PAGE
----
Note: This is a continuation from yesterday’s post. This two-part series was adapted from The God Who Loves, published by Thomas Nelson.
Yesterday we ended by looking at the Rich Young Ruler in Mark 10. But that’s not the only Scripture that speaks of God’s love for those who turn away from Him. In Isaiah 63:7–9 the prophet describes God’s demeanor toward the nation of Israel:
“I shall make mention of the lovingkindnesses of the Lord, the praises of the Lord, according to all that the Lord has granted us, and the great goodness toward the house of Israel, which He has granted them according to His compassion, and according to the multitude of His lovingkindnesses. For He said, ‘Surely, they are My people, Sons who will not deal falsely.’ So He became their Savior. In all their affliction He was afflicted, and the angel of His presence saved them; in His love and in His mercy He redeemed them; and He lifted them and carried them all the days of old.”
Someone might say, Yes, but that talks about God’s redemptive love for His elect alone. No, this speaks of a love that spread over the entire nation of Israel. God “became their Savior” in the sense that He redeemed the entire nation from Egypt. He suffered when they suffered. He sustained them “all the days of old.” This speaks not of an eternal salvation, but of a temporal relationship with an earthly nation. How do we know? Look at verse 10: “But they rebelled and grieved His Holy Spirit; therefore, He turned Himself to become their enemy, He fought against them.”
That is an amazing statement! Here we see God defined as the Savior, the lover, the redeemer of a people who make themselves His enemies. They rebel against Him. They grieve His Holy Spirit. They choose a life of sin.
Now notice verse 17: “Why, O Lord, dost Thou cause us to stray from Thy ways, and harden our heart from fearing Thee?” That speaks of God’s judicial hardening of the disobedient nation. He actually hardened the hearts of those whom He loved and redeemed out of Egypt.
Isaiah 64:5 includes these shocking words: “Thou wast angry, for we sinned, we continued in them a long time; and shall we be saved?”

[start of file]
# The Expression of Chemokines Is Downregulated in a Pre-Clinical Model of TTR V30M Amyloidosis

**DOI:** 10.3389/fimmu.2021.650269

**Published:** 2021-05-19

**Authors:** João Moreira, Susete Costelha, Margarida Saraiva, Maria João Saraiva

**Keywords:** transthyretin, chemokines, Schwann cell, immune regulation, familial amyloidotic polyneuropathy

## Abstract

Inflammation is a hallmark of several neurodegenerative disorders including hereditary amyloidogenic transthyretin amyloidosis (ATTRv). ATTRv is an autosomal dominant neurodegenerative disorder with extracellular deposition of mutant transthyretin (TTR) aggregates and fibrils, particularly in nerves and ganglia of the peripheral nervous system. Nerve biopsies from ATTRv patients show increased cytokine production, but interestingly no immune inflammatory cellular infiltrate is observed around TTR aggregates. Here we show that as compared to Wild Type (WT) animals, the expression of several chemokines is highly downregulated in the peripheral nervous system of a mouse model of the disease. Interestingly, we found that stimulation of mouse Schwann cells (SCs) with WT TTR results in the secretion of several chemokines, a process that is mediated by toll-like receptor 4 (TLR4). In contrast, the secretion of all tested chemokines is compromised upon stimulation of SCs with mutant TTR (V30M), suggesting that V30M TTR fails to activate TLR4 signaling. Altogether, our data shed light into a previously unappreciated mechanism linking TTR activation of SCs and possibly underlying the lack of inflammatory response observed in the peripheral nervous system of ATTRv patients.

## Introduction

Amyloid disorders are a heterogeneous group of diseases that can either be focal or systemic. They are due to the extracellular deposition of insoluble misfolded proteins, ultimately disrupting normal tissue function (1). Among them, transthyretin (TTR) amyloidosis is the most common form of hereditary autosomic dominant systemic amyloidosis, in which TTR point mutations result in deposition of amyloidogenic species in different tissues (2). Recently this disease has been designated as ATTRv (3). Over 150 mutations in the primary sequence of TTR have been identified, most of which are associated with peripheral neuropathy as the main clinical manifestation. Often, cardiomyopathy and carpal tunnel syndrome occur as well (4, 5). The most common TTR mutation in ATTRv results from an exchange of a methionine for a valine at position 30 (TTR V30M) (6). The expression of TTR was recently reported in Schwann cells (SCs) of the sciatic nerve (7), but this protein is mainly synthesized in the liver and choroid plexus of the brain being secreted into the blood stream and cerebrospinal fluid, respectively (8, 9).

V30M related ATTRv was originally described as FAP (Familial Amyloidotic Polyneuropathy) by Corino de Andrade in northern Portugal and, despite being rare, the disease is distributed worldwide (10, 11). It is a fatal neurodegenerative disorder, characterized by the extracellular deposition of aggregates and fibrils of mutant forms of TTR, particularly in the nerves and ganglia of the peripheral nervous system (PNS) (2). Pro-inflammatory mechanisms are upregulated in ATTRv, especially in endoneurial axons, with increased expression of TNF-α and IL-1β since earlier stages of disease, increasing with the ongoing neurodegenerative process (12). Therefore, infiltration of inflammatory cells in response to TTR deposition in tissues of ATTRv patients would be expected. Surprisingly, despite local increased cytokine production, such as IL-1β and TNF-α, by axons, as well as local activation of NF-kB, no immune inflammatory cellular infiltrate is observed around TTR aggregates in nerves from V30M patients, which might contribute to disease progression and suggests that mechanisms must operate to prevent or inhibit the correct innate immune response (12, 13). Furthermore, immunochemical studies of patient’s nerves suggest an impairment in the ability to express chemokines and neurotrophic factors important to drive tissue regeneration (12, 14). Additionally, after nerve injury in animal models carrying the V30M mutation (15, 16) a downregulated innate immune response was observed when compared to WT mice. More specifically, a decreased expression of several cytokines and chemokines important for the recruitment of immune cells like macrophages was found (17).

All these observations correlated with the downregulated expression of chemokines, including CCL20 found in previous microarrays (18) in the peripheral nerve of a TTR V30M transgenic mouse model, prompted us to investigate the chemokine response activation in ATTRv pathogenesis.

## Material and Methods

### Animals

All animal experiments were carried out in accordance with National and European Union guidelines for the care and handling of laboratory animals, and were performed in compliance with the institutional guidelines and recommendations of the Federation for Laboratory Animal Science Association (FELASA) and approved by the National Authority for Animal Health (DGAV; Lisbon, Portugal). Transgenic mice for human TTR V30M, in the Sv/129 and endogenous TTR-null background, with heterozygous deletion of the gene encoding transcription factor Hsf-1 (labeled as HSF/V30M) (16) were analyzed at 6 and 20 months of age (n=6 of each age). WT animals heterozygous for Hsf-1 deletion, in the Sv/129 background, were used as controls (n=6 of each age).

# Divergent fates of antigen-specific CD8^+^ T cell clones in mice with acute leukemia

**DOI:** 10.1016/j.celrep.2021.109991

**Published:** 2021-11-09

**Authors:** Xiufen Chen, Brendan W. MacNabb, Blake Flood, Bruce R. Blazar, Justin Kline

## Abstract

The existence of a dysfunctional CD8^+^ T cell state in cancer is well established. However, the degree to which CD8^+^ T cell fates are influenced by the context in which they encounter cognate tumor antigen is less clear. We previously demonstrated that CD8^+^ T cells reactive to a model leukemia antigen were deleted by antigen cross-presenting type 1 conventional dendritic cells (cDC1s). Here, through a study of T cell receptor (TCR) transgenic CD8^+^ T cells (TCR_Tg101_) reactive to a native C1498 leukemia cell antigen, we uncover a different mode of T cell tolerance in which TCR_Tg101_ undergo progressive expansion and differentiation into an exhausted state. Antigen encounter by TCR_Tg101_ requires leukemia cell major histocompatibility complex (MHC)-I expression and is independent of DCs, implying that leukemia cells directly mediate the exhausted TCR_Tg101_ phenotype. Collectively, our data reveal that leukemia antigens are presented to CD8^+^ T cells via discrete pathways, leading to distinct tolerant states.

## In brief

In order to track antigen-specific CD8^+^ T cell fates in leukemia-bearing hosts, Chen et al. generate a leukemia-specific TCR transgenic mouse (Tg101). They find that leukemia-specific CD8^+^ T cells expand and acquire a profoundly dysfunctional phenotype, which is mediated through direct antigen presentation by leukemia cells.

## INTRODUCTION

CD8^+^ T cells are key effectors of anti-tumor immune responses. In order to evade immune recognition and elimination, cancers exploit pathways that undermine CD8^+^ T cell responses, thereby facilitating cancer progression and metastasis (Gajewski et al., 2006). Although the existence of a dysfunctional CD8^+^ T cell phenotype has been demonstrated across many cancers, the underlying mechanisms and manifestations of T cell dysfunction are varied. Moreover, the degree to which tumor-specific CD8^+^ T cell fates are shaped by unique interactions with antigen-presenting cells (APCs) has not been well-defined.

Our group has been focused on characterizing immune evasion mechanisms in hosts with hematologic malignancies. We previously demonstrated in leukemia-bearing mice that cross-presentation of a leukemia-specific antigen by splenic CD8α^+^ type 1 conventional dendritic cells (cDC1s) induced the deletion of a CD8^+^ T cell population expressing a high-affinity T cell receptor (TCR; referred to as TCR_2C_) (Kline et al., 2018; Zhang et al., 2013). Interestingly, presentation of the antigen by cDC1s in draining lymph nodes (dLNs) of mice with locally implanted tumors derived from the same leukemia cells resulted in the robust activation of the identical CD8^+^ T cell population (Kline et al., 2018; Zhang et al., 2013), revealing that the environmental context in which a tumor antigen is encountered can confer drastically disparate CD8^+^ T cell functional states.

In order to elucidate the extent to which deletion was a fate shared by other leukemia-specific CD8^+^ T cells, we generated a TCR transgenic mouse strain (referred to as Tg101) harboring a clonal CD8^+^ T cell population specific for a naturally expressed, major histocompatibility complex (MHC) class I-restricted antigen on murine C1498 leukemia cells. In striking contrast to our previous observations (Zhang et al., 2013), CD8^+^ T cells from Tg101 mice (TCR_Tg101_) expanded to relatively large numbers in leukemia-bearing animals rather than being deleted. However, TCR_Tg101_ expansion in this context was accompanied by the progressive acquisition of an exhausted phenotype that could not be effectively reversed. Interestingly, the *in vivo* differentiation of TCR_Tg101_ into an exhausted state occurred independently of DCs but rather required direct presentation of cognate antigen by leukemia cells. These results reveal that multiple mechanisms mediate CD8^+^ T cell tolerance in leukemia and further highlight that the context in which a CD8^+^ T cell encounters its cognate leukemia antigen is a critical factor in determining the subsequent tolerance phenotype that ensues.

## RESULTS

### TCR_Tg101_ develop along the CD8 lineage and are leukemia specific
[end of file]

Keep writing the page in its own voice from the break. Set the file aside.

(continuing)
How can God be Savior to those who will not be saved? Yet these are clearly unconverted people. Look at verses 6–7, which begins with a familiar passage:
For all of us have become like one who is unclean, and all our righteous deeds are like a filthy garment; and all of us wither like a leaf, and our iniquities, like the wind, take us away. And there is no one who calls on Thy name, who arouses himself to take hold of Thee; for Thou hast hidden Thy face from us, and hast delivered us into the power of our iniquities.
These are clearly unconverted, unbelieving people. In what sense can God call Himself their Savior?
Here is the sense of it: God revealed Himself as Savior. He manifested His love to the nation. “In all their affliction He was afflicted” (63:9). He poured out His goodness, and lovingkindness and mercy on the nation. And that divine forbearance and longsuffering should have moved them to repentance (Rom. 2:4). But instead they responded with unbelief, and their hearts were hardened.
Isaiah 65 takes it still further:
I permitted Myself to be sought by those who did not ask for Me; I permitted Myself to be found by those who did not seek Me. I said, “Here am I, here am I,” To a nation which did not call on My name. I have spread out My hands all day long to a rebellious people, who walk in the way which is not good, following their own thoughts. (vv.1–2)
In other words, God turned away from these rebellious people, consigned them to their own idolatry, and chose a people for Himself from among other nations.
Isaiah reveals the shocking blasphemy of those from whom God has turned away. They considered themselves holier than God (v. 5); they continually provoked Him to His face (v. 3), defiling themselves (v. 4) and scorning God for idols (v. 7). God judged them with the utmost severity, because their hostility to Him was great, and their rejection of Him was final.
Yet these were people on whom God had showered love and goodness! He even called Himself their Savior.
In a similar sense Jesus is called “Savior of the world” (Jn. 4:42; 1 Jn. 4:14). Paul wrote, “We have fixed our hope on the living God, who is the Savior of all men, especially of believers” (1 Tim. 4:10). The point is not that He actually saves the whole world (for that would be universalism, and Scripture clearly teaches that not all will be saved). The point is that He is the only Savior to whom anyone in the world can turn for forgiveness and eternal life—and therefore, all are urged to embrace Him as Savior. Jesus Christ is proffered to the world as Savior. In setting forth His own Son as Savior of the world, God displays the same kind of love to the whole world that was manifest in the Old Testament to the rebellious Israelites. It is a sincere, tender-hearted, compassionate love that offers mercy and forgiveness.